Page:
Dreamliner finally flies for real
The Boeing Dreamliner 787, the world's first carbon-composite airliner, makes its first flight with paying passengers.
Boeing’s 787 started its first commercial flight today, ending more than three years of delays, with operator All Nippon Airways saying a wider cabin and bigger windows will help give customers a more comfortable ride.
Flight NH7871, carrying paying passengers and more than 40 journalists, took off at 12.23pm, Japanese time, from Tokyo’s Narita airport and is scheduled to touch down in Hong Kong about four-and-a-half hours later. The 264-seat aircraft will return tomorrow.
Tokyo-based All Nippon sold two business-class seats on the 787, known as the Dreamliner, for about $18,600 in a charity auction to help promote the introduction of the first aircraft largely built from carbon-fibre reinforced materials. The new lightweight technology will reduce fuel costs while also supporting changes designed to improve passenger comfort, including 30 per cent bigger windows and higher cabin pressure.
‘‘The adoption of a largely composite structure is a breakthrough,’’ said Nick Cunningham, an aerospace analyst at Agency Partners in London. ‘‘It means you can fly between city-pairs that weren’t an economic proposition before, and it should offer benefits for passengers.’’
Struggles with the new materials contributed to Boeing delaying the aircraft’s entry into service seven times since 2007. The Chicago-based planemaker was also held up by a greater reliance on subcontractors.
The cabin of the 787 is 75 centimetres wider than a 767 and is fitted with bigger luggage compartments and energy-saving light-emitting diode lights, according to All Nippon. The plane also has windows as much as 47 centimetres high and 28 centimetres wide as the composite materials are able to support larger openings than traditional airframes.
‘‘It’s a great chance for ANA’s growth,’’ ANA President Shinichiro Ito told reporters in Tokyo. ‘‘We want the 787 to help us in our dream of being the No. 1 airline in Asia.’’
The composite construction also means that the plane is able to support higher cabin-pressure levels than on traditional planes with weaker airframes. That means that the environment is similar to being at 6000 feet high rather than at 8000 feet, which passengers find more comfortable, according to ANA’s website.
‘‘It means standing on top of hill rather than a mountain,’’ said Cunningham. ‘‘That should reduce effects like fatigue when flying.’’
ANA has ordered a total of 55 Dreamliners, making it the biggest airline customer. So far, it has received two of the planes and it will get another nine before the end of March, Ito told reporters today before takeoff. That’s one less than the carrier previous expected. It will still have 20 by the end of March 2013, he said.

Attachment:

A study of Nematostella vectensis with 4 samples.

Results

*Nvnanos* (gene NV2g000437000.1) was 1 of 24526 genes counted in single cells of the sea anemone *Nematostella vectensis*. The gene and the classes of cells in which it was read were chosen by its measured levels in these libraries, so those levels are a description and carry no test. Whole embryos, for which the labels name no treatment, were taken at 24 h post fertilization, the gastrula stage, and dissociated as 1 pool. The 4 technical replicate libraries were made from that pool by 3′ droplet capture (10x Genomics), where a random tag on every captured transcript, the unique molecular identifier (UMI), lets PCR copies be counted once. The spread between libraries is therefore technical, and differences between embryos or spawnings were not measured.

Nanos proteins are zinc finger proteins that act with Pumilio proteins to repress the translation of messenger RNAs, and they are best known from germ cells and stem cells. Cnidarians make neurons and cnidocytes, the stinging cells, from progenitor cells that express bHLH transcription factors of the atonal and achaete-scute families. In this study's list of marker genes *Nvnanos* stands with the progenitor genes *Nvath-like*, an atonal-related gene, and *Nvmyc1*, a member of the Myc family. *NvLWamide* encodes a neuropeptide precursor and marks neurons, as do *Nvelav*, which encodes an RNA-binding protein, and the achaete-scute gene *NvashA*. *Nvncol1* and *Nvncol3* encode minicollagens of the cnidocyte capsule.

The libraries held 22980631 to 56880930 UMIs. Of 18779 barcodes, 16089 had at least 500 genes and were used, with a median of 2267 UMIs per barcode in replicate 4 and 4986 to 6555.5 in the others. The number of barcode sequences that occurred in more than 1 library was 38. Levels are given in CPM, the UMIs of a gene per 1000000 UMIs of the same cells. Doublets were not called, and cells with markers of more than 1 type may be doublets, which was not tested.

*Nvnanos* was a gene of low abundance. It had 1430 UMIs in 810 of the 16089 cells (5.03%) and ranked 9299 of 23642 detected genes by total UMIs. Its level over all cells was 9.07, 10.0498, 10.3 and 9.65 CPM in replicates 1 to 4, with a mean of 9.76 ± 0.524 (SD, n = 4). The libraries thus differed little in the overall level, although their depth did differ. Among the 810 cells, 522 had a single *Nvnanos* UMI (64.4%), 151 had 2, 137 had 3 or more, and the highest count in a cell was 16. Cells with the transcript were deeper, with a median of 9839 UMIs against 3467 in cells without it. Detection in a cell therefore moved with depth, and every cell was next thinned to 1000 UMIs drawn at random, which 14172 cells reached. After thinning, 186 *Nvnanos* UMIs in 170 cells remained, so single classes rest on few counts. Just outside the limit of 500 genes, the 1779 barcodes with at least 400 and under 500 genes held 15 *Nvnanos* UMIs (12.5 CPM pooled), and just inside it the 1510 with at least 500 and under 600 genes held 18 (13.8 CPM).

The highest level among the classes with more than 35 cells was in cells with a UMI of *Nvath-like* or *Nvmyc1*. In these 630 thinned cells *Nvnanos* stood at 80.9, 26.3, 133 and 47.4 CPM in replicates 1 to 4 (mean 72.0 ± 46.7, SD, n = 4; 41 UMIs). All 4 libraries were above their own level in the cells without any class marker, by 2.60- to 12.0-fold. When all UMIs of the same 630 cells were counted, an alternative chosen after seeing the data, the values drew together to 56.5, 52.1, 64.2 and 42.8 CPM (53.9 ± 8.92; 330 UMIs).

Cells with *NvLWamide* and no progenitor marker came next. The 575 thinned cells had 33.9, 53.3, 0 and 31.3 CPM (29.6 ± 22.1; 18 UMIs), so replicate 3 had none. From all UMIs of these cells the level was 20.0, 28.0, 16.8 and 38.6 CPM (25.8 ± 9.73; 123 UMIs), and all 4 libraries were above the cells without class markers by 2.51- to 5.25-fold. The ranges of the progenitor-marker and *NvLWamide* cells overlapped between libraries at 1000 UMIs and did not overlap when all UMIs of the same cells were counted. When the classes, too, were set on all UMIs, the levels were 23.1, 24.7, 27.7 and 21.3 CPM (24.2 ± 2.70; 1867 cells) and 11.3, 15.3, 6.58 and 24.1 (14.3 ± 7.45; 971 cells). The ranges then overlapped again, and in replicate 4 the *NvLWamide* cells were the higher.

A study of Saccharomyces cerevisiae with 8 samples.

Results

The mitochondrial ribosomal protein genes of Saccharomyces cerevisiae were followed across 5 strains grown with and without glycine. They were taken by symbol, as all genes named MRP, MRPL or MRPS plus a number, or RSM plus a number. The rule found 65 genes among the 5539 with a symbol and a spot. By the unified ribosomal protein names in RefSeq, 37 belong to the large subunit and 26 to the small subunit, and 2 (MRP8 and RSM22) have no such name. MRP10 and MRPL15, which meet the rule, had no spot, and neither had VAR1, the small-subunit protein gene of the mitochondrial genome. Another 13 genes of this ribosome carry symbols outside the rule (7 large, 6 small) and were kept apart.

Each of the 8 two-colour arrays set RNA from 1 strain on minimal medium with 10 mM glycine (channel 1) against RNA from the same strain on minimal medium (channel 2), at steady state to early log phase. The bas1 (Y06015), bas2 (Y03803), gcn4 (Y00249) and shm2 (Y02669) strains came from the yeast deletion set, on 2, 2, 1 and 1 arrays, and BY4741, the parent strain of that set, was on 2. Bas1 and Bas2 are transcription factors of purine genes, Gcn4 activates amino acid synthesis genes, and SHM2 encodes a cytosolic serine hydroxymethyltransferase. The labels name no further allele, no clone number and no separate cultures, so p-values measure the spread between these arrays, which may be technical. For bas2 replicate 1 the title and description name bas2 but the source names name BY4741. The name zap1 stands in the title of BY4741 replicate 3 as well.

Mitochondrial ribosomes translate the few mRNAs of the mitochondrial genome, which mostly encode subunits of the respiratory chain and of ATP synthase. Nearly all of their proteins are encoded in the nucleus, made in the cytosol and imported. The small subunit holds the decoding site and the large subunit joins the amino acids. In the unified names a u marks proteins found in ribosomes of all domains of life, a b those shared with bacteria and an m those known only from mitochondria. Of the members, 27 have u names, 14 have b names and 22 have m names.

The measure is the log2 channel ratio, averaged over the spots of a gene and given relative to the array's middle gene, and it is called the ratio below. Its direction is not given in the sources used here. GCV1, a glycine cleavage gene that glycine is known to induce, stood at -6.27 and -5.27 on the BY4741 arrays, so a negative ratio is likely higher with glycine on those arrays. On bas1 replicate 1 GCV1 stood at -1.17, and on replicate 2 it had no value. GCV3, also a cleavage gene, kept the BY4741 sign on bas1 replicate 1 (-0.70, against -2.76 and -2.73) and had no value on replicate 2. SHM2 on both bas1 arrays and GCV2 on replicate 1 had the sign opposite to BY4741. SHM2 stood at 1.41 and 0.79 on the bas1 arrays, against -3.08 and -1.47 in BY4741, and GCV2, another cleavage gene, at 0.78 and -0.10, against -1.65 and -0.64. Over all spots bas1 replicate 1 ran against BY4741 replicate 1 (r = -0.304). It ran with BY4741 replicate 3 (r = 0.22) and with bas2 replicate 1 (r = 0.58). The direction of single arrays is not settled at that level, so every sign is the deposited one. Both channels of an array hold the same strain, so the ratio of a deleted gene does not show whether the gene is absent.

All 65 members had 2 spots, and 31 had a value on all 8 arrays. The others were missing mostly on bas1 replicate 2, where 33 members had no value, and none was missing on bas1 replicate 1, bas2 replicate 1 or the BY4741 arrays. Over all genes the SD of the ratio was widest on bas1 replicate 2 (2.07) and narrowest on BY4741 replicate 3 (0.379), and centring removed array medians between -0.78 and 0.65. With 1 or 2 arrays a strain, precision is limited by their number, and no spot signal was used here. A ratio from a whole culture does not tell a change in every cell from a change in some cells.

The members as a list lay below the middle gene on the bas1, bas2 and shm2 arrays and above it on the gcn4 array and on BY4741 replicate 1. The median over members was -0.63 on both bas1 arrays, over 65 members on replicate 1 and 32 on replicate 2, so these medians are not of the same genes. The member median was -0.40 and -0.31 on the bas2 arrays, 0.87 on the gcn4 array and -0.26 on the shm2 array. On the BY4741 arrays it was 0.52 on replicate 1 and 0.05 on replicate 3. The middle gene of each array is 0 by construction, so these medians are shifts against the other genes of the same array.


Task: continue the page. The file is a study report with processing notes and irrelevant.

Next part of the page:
The plane is due to become the main aircraft in ANA’s fleet, helping to generate fuel savings of as much as 10 billion yen ($126 million) a year. The aircraft is 20 per cent more fuel-efficient than comparably sized jets because of the composites and an all-electric system that doesn’t divert air from the engines for power, according to Boeing.
The planemaker had 821 Dreamliner orders at the end of last month from customers including Air China, British Airways and Delta Air Lines. Japan Airlines has 35 on order, which it will use to start a Tokyo-Boston service from April.
The 787 tally included 15 from China Eastern Airlines Corp., which have now been swapped for 737s. The Shanghai-based company said that delays were part of the reason for the switch. China Southern Airlines, Asia’s largest carrier by passenger numbers, has also said it may cancel its 10 on-order 787s after deliveries were postponed to next year.
Airbus SAS, the biggest maker of commercial aircraft, has responded to the Dreamliner’s introduction by adding the A350, due to enter service by the end of 2013. The European company aims to begin assembling the first plane by the year’s end.
ANA sold packages on the Hong Kong charter trips from 78,700 yen (about $990), including accommodation. The plane has 252 seats in economy class and 12 in business. Aircraft for long-haul flights will be fitted with 158 seats.
The carrier plans to introduce the aircraft on regular scheduled services on November 1, beginning with flights from Tokyo’s Haneda airport to Okayama and Hiroshima. Routes to China will commence in December, followed by services to Frankfurt in January. The airplane may eventually be used on flights to Switzerland and Belgium, Ito said today.